First, some assumptions about the process.
- Once the conversation is over, neither party can reconnect for ongoing care.
- Because there’s no follow-up, no tests can be ordered to confirm suspicions.
- Because it’s a phone or video conversation, no examination can be done.
- The diagnosis can only be made based on an oral conversation.
- Video can show images but quality is dependent on connection speed.
- When given the option, patients choose phone over video 90% of the time. Because patients choose this option, doctors can’t visualize anything with a photo or video.
Next, some assumptions about the mind of an online doctor practicing with the above constraints:
- “Since I can’t actually confirm my suspicions with anything more than this current conversation, I can’t feel comfortable with a diagnosis, unless it’s ridiculously obvious to me.”
- “If I’m not 100% positive with a diagnosis, I will never diagnose something that isn’t 100% clear. Doing so jeopardizes my license and my career and I don’t want to be sued for malpractice.”
- “I’m doing this because I need money. Full stop.”
- “I’m doing this because I’m a PCP and I’ve got free time for any number of reasons.” (I’m a young, inexperienced doctor and my practice is not yet full. Or I’m a stay at home mom. Or I’m retired and want to stay in the game. Or I can’t get a job due to something wrong with my training. Or I can’t get a job due to personal reasons like alcoholism or drug use.)
- “I’m doing this because I’ve got free time and I’m curious about online healthcare delivery.”
- “Oof…another pink eye. This is getting pretty boring and routine. I didn’t go to medical school + at least 3 years of 80 hour weeks in residency to practice such simple medicine. This is why I hire nurses and physician extenders in the real world. Doing this is kind of humiliating now and I can’t imagine myself doing this for much longer unless I just need the money.”
- “Hey that was easy! Someone had an obvious UTI and reported that they never had previous complications with a UTI and I prescribed them an antibiotic and they’ll probably be feeling better fast. But hold on. What if their infection is resistant to this antibiotic? Well, that’s not my problem and this company I’m working for won’t let me reach back out to this person to see if everything has resolved. Ugh, this isn’t ideal. Hopefully they’ll be ok.”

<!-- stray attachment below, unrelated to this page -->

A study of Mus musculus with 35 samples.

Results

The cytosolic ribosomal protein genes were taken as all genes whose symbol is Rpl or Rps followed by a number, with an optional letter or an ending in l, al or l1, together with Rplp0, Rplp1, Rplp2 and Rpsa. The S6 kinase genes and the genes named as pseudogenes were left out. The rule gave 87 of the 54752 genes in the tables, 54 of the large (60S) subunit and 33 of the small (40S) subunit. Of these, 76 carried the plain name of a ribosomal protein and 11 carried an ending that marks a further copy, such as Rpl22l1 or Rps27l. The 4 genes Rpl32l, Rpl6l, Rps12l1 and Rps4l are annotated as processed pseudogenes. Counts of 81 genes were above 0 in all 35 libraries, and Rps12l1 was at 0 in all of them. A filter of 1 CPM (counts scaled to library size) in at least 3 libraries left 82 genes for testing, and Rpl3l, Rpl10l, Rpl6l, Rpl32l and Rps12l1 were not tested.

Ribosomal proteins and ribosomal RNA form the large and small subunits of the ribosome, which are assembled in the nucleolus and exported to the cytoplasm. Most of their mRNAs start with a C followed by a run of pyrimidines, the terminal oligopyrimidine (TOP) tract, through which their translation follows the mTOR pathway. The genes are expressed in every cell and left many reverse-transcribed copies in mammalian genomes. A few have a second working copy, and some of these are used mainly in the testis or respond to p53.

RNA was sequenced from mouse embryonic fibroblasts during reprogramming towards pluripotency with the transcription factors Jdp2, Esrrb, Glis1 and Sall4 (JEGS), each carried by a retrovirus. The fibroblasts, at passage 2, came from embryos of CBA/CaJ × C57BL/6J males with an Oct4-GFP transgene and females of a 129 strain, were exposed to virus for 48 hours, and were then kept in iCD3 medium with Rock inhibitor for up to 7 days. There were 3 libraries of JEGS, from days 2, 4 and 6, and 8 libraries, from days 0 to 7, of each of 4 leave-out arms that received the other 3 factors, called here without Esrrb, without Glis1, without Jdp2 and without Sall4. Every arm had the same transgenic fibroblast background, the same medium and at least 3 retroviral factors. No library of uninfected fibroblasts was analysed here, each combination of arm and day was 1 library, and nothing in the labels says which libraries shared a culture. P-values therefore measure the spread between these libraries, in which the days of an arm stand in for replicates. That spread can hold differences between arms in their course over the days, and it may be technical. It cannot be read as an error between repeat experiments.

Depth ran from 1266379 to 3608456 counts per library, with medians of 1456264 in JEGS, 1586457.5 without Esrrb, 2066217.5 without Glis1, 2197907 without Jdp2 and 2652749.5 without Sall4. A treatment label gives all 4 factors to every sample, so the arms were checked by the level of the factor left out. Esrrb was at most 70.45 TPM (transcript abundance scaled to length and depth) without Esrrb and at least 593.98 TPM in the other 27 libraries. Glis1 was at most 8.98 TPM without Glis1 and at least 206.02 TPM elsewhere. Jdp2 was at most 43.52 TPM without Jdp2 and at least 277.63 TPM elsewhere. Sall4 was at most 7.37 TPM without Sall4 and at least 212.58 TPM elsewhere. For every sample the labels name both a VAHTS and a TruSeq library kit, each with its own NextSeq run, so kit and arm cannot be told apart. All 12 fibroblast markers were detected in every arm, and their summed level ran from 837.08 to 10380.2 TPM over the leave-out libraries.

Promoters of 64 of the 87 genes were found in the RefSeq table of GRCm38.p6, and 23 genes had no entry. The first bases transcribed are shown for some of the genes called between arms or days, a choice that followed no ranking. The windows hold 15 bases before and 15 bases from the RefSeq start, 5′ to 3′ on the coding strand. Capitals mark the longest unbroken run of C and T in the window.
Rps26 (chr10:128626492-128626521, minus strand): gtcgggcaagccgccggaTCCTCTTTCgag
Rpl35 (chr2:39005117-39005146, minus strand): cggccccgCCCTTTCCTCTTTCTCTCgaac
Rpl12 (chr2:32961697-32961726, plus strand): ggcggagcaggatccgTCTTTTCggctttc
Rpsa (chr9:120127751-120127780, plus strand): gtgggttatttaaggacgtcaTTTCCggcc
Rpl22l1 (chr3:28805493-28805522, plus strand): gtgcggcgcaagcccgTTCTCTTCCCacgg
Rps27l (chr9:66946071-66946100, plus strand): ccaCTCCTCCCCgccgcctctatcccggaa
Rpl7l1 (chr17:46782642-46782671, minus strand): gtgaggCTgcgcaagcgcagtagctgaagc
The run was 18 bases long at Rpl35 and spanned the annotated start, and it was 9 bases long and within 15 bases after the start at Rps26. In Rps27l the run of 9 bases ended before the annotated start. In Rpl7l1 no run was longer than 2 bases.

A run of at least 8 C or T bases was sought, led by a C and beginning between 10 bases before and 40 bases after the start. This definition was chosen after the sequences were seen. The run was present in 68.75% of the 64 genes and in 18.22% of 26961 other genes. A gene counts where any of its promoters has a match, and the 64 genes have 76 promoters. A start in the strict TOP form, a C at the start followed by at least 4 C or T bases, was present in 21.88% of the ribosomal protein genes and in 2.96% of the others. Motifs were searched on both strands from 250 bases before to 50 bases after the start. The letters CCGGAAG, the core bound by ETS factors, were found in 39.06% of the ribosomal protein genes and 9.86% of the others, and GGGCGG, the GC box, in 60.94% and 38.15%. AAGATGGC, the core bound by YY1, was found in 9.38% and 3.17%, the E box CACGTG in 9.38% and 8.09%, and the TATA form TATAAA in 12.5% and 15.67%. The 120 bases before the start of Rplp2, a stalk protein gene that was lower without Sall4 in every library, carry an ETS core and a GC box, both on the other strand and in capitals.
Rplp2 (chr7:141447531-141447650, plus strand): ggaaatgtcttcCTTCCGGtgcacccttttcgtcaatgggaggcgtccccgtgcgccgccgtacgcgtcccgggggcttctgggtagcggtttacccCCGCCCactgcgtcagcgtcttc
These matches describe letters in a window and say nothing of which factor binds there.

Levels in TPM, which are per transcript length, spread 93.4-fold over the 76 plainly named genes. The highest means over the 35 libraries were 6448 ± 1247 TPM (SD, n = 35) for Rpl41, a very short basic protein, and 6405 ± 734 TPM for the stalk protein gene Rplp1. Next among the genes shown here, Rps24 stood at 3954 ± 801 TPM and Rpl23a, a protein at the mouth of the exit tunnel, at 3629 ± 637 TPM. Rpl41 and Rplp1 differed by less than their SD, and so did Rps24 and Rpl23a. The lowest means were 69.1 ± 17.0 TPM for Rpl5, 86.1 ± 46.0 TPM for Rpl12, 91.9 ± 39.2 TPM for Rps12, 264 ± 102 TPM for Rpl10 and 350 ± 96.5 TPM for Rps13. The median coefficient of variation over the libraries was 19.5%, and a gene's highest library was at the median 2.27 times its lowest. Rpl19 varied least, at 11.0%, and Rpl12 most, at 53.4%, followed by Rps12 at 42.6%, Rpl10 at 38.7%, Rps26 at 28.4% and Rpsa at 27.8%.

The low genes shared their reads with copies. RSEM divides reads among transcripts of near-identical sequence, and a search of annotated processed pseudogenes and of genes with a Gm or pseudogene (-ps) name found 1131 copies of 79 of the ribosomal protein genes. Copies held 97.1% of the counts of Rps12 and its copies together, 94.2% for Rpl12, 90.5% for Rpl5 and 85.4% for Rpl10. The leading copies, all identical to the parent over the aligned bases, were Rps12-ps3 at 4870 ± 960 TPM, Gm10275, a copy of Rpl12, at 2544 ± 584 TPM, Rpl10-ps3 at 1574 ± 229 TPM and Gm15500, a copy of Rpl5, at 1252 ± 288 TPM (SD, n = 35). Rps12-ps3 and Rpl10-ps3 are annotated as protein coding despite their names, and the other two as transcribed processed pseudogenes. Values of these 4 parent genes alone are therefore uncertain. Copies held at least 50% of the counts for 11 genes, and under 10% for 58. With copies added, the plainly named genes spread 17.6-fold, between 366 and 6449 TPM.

- “If I’m anything but 100% positive of the diagnosis, the only thing I can do is encourage the person to be seen in-person because that’s what protects me from liability— nevermind if this video/phone visit wasn’t recorded to actually prove that I did this should anything bad happen.”
And, finally, some assumptions about the patient:
- They’re looking for a prescription for a problem they think they have.
- They’re looking to be told if they should worry enough about something to do something expensive about it now, later, or never.
- They value convenience over in-person relationships with local providers.
- They’re curious and early-adopters
- They’re cost-conscious consumers and understand the financial risks of getting any kind of in-person care (Is this office, urgent care, or ER visit going to be $50 or $5,000?).
While these 10 minute transactions are a thing and the internet has unlocked this capability, because of the limitations due to how their process was designed and because of how conservative doctors are in fully eliminating their risk, they are restricted to a very finite number of diagnoses that can be made by most any low-level health professional. Some of these companies market their services based on convenience with messages like “Talk to a doctor now!” and downplay their limitations (Doctor on Demand and TelaDoc). This is taking advantage of consumers hoping that consumers have used the service correctly for one of the 30 likely diagnoses. If they haven’t, they’ll pay for the advice and be told they need to be seen in-person. Others like Lemonaid and Hey Doctor are honest and up-front with their limitations and capabilities and present a finite list to start from. This is by far the best way to think about these services. They’re helpful for a finite list of simple issues for people who want convenience. However, these are the same 30 issues a nurse practitioner can handle in a retail health clinic. But because an NP in a clinic can do an exam and tests, they can diagnose and treat a total of ~70 simple issues. Compare this to a traditional PCP in an office. They routinely manage ~1,500 diagnoses. But that’s because they can order tests and do an examination to confirm suspicions, and manage conditions over time.